Stacy Pecor, owner, Olive & Bette’s, three units in Manhattan: “T-shirts. For July, our number-one vendor has been Jake’s Dry Goods, which are printed T-shirts at $28. The bestseller was of New York City. We’ve got one with Maine and a lobster on it. [The company] did custom colors for us. So far, we’ve sold $18,000 worth in July, and $128,000 for spring-summer. In Michael Stars T-shirts, we’ve sold $238,000 worth for the season. They did custom printing and colors for us. T-shirts and shoes are definitely driving our business right now.”
Jaqui Lividini, senior vice president of fashion merchandising, Saks Fifth Avenue: “The bustier, in all different areas: intimate, contemporary and designer. The only place where we didn’t sell them was men’s. Women are wearing them as foundation underpinnings, and under a suit, and just straight out as a bustier. It was one of our short-list items in our catalog.” She said Saks carried an exclusive bustier from Lejaby for $150 that sold out in the first delivery, and had an 80 percent sell-through in the second delivery. Saks also featured the bustier in their windows. Other bestsellers were the Dolce & Gabbana black georgette bustier for $740, and a Ralph Lauren antique cream light-blue floral beaded cotton corset for $1,995.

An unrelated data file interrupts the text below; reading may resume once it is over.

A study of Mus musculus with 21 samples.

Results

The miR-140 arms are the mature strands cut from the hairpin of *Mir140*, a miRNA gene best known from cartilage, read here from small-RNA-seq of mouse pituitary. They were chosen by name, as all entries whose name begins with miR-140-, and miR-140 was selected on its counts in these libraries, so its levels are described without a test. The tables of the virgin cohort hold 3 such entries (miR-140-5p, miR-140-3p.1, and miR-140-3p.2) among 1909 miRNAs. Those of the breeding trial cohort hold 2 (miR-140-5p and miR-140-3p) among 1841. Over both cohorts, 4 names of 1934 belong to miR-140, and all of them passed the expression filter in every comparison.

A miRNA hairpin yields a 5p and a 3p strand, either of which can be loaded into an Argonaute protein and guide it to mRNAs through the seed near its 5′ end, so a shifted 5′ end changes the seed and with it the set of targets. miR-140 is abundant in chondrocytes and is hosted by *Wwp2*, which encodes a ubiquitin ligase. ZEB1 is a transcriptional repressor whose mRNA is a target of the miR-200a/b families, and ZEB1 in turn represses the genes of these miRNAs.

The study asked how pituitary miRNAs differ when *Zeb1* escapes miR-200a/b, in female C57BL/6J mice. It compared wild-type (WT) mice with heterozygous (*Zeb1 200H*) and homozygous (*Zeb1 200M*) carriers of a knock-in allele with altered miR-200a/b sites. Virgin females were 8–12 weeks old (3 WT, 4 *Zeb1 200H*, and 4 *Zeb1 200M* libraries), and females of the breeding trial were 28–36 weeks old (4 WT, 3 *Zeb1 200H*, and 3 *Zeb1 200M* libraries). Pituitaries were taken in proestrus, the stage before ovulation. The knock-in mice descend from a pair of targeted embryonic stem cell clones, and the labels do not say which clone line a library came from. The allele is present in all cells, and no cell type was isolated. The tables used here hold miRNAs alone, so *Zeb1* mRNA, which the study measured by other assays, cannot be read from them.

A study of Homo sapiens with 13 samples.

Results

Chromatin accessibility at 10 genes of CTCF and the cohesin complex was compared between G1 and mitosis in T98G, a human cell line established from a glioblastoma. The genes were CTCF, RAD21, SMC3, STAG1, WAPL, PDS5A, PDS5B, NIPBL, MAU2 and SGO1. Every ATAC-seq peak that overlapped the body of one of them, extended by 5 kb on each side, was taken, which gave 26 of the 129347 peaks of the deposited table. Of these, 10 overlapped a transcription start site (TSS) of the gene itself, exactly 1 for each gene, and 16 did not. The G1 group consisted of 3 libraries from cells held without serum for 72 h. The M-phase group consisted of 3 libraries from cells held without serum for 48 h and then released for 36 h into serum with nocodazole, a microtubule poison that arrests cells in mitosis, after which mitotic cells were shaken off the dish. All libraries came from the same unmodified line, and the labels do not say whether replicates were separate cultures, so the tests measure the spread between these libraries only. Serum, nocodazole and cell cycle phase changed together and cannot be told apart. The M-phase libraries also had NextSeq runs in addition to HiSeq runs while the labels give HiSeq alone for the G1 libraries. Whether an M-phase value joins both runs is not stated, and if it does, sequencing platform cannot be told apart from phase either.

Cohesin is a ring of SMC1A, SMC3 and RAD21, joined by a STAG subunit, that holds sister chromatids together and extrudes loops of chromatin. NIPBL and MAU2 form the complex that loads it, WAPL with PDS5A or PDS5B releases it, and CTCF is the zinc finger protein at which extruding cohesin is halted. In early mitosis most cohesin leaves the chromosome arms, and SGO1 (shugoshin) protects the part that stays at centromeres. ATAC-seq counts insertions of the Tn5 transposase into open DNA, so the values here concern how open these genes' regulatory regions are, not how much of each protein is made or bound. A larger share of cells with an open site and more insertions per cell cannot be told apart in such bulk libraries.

Izzy Ezrailson, president, Up Against the Wall, 19 units, Washington: “We’ve had to reorder a sepia-toned Bob Marley T-shirt. It’s our most inexpensive item at less than $30. It’s by far the best item. We sold 99 one week and 167 the week before. In all, we’ve gone through about 1,800 of this T-shirt alone.”
Julie Routenberg, owner, Potpourri, Atlanta: Cropped pants, with T-shirts by Glamour Toujours, especially with asymmetric sleeves and necklines, unusual prints and feminine lace trim, retailing around $70.